Archive This article is from our archive and might not display correctly. Download PDF
On the 24th February, the Court of Appeal ruled that gaming retailer Game will have to pay £3mn to a collection of Britain's biggest landlords after it lost a landmark legal case about unpaid rent. This is yet another blow to the struggling retailer, which has faced great difficulties for several years. Things came to a head in the run up to 2012 when it was reported that some suppliers had stopped doing business with the retailer. Going into administration led to the immediate closure of 277 stores in Britain and Ireland, and over 2000 employees were made redundant.
Game had seen a remarkable turnaround in its finances since, but this is a huge hit for a company suppliers have ignored over fears of its creditworthiness. It bought out Gamestation but then closed that down too. Zavvi and HMV also entered administration, though HMV survived.
The struggle video game retailers have faced can largely be explained by the industry moving from the physical world. Digital distribution platforms like Valve's 'Steam', smartphones and social networking games are some of the new ways gamers can access the industry's products today, leaving retailers increasingly obsolete. Online distributors can also purportedly boast 70 per cent profit margins, versus retail stores' 30 per cent.
However troubles in the gaming industry go far beyond struggling high street retailers. Game publishers and development studios are also suffering. One of the highest profile recent failures was the collapse of THQ, which declared bankruptcy in December 2012, a steep fall for once the gaming industry's third-largest publisher. It has now been divided up among Ubisoft, TakeTwo Interactive Software, Sega, and others. Walt Disney shut down Junction Point Studios in early 2013 and confirmed that LucasArts would cease to operate as a video game developer, while Gas Powered Games has also been struggling in recent years.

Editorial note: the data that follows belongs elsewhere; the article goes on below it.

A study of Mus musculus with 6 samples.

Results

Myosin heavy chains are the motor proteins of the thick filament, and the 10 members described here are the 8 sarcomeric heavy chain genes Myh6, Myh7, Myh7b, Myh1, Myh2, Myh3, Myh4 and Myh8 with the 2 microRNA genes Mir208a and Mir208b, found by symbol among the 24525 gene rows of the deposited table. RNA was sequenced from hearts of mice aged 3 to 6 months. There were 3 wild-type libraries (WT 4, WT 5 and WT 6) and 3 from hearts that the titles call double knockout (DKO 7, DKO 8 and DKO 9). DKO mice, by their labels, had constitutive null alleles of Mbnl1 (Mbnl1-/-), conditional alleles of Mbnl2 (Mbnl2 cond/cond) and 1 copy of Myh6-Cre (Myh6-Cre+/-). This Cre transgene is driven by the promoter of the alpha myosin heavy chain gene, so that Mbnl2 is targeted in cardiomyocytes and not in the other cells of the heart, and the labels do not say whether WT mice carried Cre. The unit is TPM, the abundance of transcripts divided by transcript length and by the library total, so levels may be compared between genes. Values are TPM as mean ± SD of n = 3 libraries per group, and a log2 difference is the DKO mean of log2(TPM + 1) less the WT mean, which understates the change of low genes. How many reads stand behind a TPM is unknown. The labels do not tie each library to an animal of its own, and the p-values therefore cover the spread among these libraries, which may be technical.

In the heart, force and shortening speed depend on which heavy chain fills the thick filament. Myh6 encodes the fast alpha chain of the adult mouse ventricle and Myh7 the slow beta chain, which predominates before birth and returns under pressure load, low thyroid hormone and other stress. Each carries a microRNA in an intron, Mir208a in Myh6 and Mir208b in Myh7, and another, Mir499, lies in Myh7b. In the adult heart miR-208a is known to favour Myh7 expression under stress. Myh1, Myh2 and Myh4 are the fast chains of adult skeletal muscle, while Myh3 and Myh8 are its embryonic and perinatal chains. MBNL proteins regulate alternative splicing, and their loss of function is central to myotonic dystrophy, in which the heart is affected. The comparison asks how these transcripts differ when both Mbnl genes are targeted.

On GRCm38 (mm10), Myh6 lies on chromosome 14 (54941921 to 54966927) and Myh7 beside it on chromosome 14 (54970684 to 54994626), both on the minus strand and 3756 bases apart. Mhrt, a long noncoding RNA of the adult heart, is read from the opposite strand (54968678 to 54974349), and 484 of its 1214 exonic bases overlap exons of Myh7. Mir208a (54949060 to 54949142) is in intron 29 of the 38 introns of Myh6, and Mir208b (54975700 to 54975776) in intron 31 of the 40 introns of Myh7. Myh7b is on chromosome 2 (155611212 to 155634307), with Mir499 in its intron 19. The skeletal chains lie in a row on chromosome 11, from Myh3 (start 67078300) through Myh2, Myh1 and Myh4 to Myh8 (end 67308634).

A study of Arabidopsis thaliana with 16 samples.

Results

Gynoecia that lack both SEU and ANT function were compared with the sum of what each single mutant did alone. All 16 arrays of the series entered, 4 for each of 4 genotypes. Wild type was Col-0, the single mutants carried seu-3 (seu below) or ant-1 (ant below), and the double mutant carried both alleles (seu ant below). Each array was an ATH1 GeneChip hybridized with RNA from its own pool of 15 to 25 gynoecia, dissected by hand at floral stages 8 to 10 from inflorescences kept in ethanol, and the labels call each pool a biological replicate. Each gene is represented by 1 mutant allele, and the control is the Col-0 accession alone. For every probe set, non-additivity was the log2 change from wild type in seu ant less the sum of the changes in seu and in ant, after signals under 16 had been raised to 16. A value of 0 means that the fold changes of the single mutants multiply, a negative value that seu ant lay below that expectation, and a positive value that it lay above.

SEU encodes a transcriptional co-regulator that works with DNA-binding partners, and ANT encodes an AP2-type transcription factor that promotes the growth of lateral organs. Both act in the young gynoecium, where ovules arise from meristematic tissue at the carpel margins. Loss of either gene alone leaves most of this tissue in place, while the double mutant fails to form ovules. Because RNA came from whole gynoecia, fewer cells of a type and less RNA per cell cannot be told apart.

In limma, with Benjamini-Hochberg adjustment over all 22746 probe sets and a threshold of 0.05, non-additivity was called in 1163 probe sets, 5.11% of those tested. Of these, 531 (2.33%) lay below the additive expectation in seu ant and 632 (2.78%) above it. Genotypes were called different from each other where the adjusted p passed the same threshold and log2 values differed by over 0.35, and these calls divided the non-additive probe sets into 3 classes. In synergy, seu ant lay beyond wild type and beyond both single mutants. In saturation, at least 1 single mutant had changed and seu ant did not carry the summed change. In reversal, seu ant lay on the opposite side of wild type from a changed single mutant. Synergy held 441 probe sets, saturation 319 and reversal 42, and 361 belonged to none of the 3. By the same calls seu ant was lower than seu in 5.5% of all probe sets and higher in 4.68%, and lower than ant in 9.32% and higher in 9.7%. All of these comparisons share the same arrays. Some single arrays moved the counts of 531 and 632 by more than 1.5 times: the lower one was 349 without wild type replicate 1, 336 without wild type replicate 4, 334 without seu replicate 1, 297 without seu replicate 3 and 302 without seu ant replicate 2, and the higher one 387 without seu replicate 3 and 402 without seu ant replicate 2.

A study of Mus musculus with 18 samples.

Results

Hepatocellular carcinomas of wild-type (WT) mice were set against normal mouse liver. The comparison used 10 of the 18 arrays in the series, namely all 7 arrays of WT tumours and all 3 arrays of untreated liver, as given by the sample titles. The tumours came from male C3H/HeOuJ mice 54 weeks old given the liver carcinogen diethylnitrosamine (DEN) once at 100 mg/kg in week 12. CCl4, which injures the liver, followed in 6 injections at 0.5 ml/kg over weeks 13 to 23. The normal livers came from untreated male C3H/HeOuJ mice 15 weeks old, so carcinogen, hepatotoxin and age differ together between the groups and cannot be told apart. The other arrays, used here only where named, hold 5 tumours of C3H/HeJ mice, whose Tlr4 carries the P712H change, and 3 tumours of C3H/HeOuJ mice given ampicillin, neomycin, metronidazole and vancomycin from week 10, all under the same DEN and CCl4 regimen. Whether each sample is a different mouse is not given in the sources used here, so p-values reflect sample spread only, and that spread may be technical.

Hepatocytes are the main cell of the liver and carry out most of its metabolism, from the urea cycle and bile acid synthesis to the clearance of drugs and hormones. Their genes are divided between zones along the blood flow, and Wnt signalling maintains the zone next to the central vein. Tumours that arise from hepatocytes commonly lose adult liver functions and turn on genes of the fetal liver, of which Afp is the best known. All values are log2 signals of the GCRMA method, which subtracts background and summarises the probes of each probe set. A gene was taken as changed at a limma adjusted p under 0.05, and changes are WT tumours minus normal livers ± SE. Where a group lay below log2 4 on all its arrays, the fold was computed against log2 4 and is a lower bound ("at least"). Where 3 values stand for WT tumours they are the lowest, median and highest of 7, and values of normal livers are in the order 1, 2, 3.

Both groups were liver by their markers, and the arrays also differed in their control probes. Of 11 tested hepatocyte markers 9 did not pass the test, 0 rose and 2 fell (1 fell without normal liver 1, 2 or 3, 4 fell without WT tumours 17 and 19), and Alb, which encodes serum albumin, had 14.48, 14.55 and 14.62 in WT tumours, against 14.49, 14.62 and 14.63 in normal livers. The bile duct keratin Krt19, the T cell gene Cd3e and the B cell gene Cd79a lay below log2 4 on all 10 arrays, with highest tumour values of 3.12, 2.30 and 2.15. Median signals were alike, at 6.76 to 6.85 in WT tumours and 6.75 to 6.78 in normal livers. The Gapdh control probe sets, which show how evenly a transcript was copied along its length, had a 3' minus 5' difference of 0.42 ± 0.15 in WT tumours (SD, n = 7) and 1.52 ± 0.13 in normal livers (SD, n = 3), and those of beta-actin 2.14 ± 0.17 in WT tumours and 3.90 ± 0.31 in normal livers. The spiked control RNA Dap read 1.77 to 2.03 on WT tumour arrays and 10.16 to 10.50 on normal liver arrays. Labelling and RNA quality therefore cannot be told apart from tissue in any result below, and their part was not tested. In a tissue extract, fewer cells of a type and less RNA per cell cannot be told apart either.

Why so much of the gaming industry has been struggling is put down to the fast-evolving nature of the industry, mainly in terms of how people are playing and paying for games, requiring companies in the industry to be nimble and adaptable to a frequently changing market. Partly as a consequence of the diversification of platforms, much of the industry's growth is now coming from sources other than dedicated games consoles.
Gaming on smartphones is growing explosively, with games such as Angry Birds leading the charge, as are casual games designed to be played through web browsers and social networking sites, such as Candy Crush Saga. Its creator King recently announced its IPO, hoping to raise $500m. Rival Zynga floated at a value of $9bn in 2011 though, based on revenues exceeding $800m a year.
As smartphones and tablets continue to grow as gaming devices, the next generation of consoles isn't the assurer of recovery it may have once been, further casting doubt over the traditional areas of the industry. Candy Crush Saga has revenues of over $800,000 a day, with 93 million daily users, showing how large the casual gaming market has become.
The rapid evolution of the gaming industry has always made it a difficult area to find success in, but the development of digital distribution has done much to accelerate this evolution, leaving large portions of the industry struggling not only to keep up, but to survive.